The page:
The enzyme neprilysin-capable of degrading Aβ42 peptide-is a new player in the Alzheimer's disease mystery. Writing in Neuroscience Letters, Patrick McGeer's group at the University of British Columbia adds critical circumstantial evidence that places neprilysin at the scene of neurodegeneration. Neprilysin (alias neural endopeptidase, EC3.4.24.11, enkephalinase, CD10, or common acute lymphblastic leukemia antigen [CALLA]) cleaves enkephalins, endorphins, substance P, and other small peptides throughout the body. Recent animal data show that when neprilysin is inhibited, amyloid deposits can build up quickly. The suggestion has been made that compromised neprilysin-mediated scavenging of Aβ is important to the final pathology of Alzheimer's.

McGeer and colleagues compared neprilysin mRNA and protein levels in postmortem human brain and other organs of AD and control cases. Within both study groups, the hippocampus and temporal gyrus, areas susceptible to plaques, showed particularly low levels of neprilysin mRNA. Conversely, the caudate and peripheral organs that are resistant to plaque formation had the highest levels of neprilysin mRNA. Compared to controls, neprilysin mRNA levels in AD brains were much lower in hippocampus and midtemporal gyrus, but not in other areas. Similar patterns was found for the protein product.

"If the human brain depends upon neprilysin as the main enzyme to break down Aβ, then the data reported here would help to explain why areas such as the hippocampus and temporal gyrus are highly vulnerable to plaque formation," write the authors. "They would also help to explain why Aβ deposits do not appear in peripheral organs but are confined to restricted regions of the brain."—Hakon Heimer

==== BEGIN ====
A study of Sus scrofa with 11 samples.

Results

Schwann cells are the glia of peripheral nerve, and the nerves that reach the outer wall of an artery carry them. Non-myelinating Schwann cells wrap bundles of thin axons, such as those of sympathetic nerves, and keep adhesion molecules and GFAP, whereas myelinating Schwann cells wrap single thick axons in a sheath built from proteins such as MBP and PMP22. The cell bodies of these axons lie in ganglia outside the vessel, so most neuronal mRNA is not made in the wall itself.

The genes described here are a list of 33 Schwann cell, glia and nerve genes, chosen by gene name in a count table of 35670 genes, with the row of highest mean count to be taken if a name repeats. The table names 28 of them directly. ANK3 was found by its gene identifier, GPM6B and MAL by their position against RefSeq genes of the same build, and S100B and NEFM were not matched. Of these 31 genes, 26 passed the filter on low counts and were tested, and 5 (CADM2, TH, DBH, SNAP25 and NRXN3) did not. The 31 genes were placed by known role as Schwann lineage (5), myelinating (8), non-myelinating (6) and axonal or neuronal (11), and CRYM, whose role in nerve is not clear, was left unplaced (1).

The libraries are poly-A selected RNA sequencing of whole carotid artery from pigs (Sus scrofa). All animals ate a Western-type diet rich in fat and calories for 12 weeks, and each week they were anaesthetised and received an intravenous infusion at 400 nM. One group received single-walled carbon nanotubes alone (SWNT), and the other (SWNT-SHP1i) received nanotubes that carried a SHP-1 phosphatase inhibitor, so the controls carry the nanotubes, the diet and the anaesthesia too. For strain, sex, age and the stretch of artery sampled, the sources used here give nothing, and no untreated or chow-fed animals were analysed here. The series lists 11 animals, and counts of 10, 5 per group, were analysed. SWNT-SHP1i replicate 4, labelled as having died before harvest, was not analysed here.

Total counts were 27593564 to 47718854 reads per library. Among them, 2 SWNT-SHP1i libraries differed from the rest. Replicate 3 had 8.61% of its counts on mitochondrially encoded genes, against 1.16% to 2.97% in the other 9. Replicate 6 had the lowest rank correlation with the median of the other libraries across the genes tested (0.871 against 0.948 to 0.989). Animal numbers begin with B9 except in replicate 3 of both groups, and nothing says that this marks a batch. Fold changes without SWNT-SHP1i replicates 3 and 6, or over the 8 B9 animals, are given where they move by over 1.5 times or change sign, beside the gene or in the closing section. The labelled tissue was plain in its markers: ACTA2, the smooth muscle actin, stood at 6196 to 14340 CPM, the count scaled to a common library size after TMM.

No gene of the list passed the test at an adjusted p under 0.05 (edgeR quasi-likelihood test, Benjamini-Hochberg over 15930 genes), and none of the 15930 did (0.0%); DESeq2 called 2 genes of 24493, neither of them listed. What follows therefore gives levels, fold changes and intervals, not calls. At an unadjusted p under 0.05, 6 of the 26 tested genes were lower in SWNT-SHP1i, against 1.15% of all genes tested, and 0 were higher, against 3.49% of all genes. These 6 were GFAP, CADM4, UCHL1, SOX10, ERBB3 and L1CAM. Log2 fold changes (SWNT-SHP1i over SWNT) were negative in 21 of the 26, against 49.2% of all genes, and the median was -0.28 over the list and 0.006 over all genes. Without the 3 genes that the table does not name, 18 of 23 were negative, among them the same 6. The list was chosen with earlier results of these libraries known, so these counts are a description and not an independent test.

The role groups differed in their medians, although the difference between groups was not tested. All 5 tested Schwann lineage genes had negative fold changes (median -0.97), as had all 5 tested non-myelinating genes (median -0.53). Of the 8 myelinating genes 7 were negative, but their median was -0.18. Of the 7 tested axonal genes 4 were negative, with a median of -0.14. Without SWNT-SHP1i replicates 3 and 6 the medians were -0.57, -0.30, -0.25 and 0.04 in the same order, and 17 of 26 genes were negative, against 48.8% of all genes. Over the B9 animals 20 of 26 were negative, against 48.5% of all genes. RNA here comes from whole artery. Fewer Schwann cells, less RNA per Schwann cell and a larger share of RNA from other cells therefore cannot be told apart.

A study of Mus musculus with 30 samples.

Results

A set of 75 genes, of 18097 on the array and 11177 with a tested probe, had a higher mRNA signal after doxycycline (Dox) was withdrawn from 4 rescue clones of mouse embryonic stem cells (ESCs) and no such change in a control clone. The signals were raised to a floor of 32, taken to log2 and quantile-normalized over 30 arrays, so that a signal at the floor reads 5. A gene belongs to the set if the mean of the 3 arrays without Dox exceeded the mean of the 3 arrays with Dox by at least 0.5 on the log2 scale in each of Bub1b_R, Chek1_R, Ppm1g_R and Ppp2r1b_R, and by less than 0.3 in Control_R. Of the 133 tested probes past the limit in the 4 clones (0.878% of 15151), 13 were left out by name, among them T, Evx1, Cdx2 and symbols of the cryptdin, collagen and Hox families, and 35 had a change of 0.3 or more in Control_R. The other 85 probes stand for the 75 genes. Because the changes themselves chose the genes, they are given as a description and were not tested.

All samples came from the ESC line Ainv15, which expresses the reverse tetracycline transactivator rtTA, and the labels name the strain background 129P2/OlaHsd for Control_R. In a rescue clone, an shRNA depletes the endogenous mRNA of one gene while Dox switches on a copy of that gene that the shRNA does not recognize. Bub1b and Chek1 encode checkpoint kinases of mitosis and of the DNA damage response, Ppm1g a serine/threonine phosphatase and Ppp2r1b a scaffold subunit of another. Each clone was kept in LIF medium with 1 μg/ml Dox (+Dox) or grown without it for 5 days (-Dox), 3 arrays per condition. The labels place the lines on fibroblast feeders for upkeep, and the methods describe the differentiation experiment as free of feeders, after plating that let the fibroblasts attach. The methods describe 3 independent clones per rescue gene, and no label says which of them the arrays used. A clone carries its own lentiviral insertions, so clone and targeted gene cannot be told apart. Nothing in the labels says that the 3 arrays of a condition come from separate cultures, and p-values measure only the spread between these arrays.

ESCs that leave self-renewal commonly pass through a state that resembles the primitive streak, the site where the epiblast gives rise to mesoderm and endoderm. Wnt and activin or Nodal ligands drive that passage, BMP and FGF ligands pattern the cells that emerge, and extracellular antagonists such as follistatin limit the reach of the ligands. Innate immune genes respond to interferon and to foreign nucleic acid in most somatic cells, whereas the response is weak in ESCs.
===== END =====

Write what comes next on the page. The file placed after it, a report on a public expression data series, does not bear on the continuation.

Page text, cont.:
1. Saido's team (Iwata et al.) infused labeled Aβ1-42 into rat hippocampus and found it was metabolized with a half-life of 39 minutes. They tried many classes of peptide inhibitors and found that neprilysin type were the only ones that prevented the breakdown. They then infused one inhibitor (thiorphan) into normal rat brain and produced rat amyloid deposits in 30 days. (That beats transgenic models.) We followed this up in our Neuroscience Letters paper (12 Jan 2001;297:97-100). We found low levels of neprilysin in plaque prone areas such as the hippocampus and temporal cortex, and high neprilysin levels in areas such as the striatum, cerebellum and peripheral organs, which never or rarely ever develop plaques. Moreover, we found Alzheimer patients had significantly lower neprilysin levels than normals in vulnerable areas.

    Neprilysin is a membrane-bound enzyme highly expressed on axons and nerve endings of peptide-expressing neurons. Our data help explain why plaques only appear in certain brain areas, and probably why they only begin to appear in older people when transmitter-associated enzymes begin to wane. They suggest that there should be a major focus on the breakdown of A-beta since it should be metabolized within a few minutes of formation. The data also suggest that there may be a locus on chromosome 3 at the neprilysin site where polymorphisms might affect the expression and thus vulnerability to AD. They also suggest that insulin-degrading enzyme must play only a minor role since it does not compensate for thiorphan blockade of neprilysin in rats and does not show the same correlations with plaquedevelopment in humans.


    . Identification of the major Abeta1-42-degrading catabolic pathway in brain parenchyma: suppression leads to biochemical and pathological deposition. Nat Med. 2000 Feb;6(2):143-50. PubMed.


  1. . Reduced neprilysin in high plaque areas of Alzheimer brain: a possible relationship to deficient degradation of beta-amyloid peptide. Neurosci Lett. 2001 Jan 12;297(2):97-100. PubMed.